Google Bringing Expeditions Pioneer Program To Tango (Update: Video)

Update, 5/19/17, 11:48am PT: Added a video.

Original article, 5/17/17, 2:05pm PT:

Google is preparing to launch the next iteration of the Google Expeditions immersive education platform. With Tango-ready smartphones on the market, the company will launch Expeditions AR this fall.

Google launched the Google Expeditions Pioneer Program in the 2015/2016 school year with the intent of bringing low-cost virtual reality field trips to the classroom. The company created a series of over 100 virtual tours that teachers could share with the kids in their classrooms. Google traveled the world with “Expedition Teams” to showcase the Google Expeditions platform to teachers in thousands of schools to drum up interest in the program. Yet Google Expeditions on Google Cardboard barely had a chance to catch on before Google moved on to the next thing.

Google is now creating Expedition content for the company’s Tango AR platform. Instead of Google Cardboard HMDs and smartphones, Google’s Expedition Pioneer Program will bring Asus Zenfone AR Tango-ready smartphones and selfie sticks to showcase augmented reality education experiences in the classroom.

To be clear, Google did not say it would abandon Expeditions on Cardboard, but the company is focusing its energy on its latest technologies. Augmented reality offers an entirely new class of education experiences that VR can’t provide. VR could remain as the primary virtual field trip platform, but AR opens a world of possibilities for visual learning in the classroom.

Google Tango AR technology enables shared classroom experiences in which everyone can participate. With Google Cardboard, kids could experience a virtual field trip at the same time as the class, but even though the class is sharing the same experience, the kids remain isolated in their own headset. With Tango devices, everyone in the room can see the same AR experience together. And Tango’s spatial awareness technology allows everyone to see the experience from their own perspective.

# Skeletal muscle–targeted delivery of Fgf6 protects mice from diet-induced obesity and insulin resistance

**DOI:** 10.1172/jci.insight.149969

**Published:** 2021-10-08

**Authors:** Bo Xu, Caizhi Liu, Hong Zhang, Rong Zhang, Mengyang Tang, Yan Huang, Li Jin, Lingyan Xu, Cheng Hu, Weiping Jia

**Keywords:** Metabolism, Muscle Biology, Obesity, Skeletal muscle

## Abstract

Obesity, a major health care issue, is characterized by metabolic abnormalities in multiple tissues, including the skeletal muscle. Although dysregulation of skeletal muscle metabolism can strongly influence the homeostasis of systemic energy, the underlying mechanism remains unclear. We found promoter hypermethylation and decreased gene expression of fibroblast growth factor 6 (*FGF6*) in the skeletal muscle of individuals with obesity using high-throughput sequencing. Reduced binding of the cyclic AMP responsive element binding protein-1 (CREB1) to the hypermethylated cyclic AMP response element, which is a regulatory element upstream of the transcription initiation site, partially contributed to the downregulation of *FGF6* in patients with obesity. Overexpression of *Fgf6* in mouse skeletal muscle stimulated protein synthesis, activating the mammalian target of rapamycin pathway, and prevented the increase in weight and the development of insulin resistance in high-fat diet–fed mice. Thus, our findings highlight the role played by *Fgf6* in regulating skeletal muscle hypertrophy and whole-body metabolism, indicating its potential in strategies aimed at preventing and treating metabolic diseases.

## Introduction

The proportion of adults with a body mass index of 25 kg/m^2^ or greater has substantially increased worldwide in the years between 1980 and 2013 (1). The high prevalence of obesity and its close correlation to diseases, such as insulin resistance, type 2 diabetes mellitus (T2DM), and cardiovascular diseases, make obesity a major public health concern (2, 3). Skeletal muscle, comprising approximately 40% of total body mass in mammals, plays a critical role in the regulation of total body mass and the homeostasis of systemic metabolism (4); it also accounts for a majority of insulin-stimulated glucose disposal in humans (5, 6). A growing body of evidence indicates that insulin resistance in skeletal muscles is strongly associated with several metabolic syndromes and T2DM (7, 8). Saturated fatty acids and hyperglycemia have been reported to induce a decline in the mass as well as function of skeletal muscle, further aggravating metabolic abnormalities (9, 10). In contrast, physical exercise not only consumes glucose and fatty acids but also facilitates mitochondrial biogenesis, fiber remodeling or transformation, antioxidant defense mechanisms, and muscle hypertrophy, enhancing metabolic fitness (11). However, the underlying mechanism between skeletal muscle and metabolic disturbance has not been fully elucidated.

Google told us that each phone synchronizes to the teacher’s phone over WiFi, so everyone sees the same experience in real-time. Before the experience starts, the teacher must create a map of the space with their phone. That map is then used as the reference point for the position of the AR experience. The spatial map then propagates over the network to the students' phones. The student phones references the teacher's map information and compares it to the camera system's view to line up the virtual image.This way, a teacher could have their students gather around a demonstration and know that everyone will see the AR objects at the same time and in the same location.

When you start the Expeditions app, you'll get a prompt to select guide (teacher) or follower (student). If you select follower, the map will automatically download from the guide phone. Google said the software will let only one phone chose guide. The rest are forced to join as followers.

Google said it currently has Expedition AR experiences that teach kids about asteroid belts and other objects in space, the intricacies of a double helix strand of DNA, the chaos of a category 5 hurricane, and the artistry of the Statue of David. It’s unclear if Google plans to build more AR experiences before it rolls the program out later this year.

Google’s Expedition Pioneer Program will begin touring from school to school this fall to showcase the new AR content for Google Expeditions.

 Kevin Carbotte is a contributing writer for Tom's Hardware who primarily covers VR and AR hardware. He has been writing for us for more than four years. 

  • bit_user
    Meh. Feels a bit gimmicky. When you consider the $500 price tag of the Phab 2 Pro (and you can bet the Zen Phone AR will be more), I can't see it as money well spent. I think it was worth trying, but I don't see it catching on. Not like this, at least.

    That said, I'm sure there are better uses for AR in education than what they showed. It's still early days, yet.
  • markbrownn
    Not expecting a good response for it, may be people are not ready for this yet.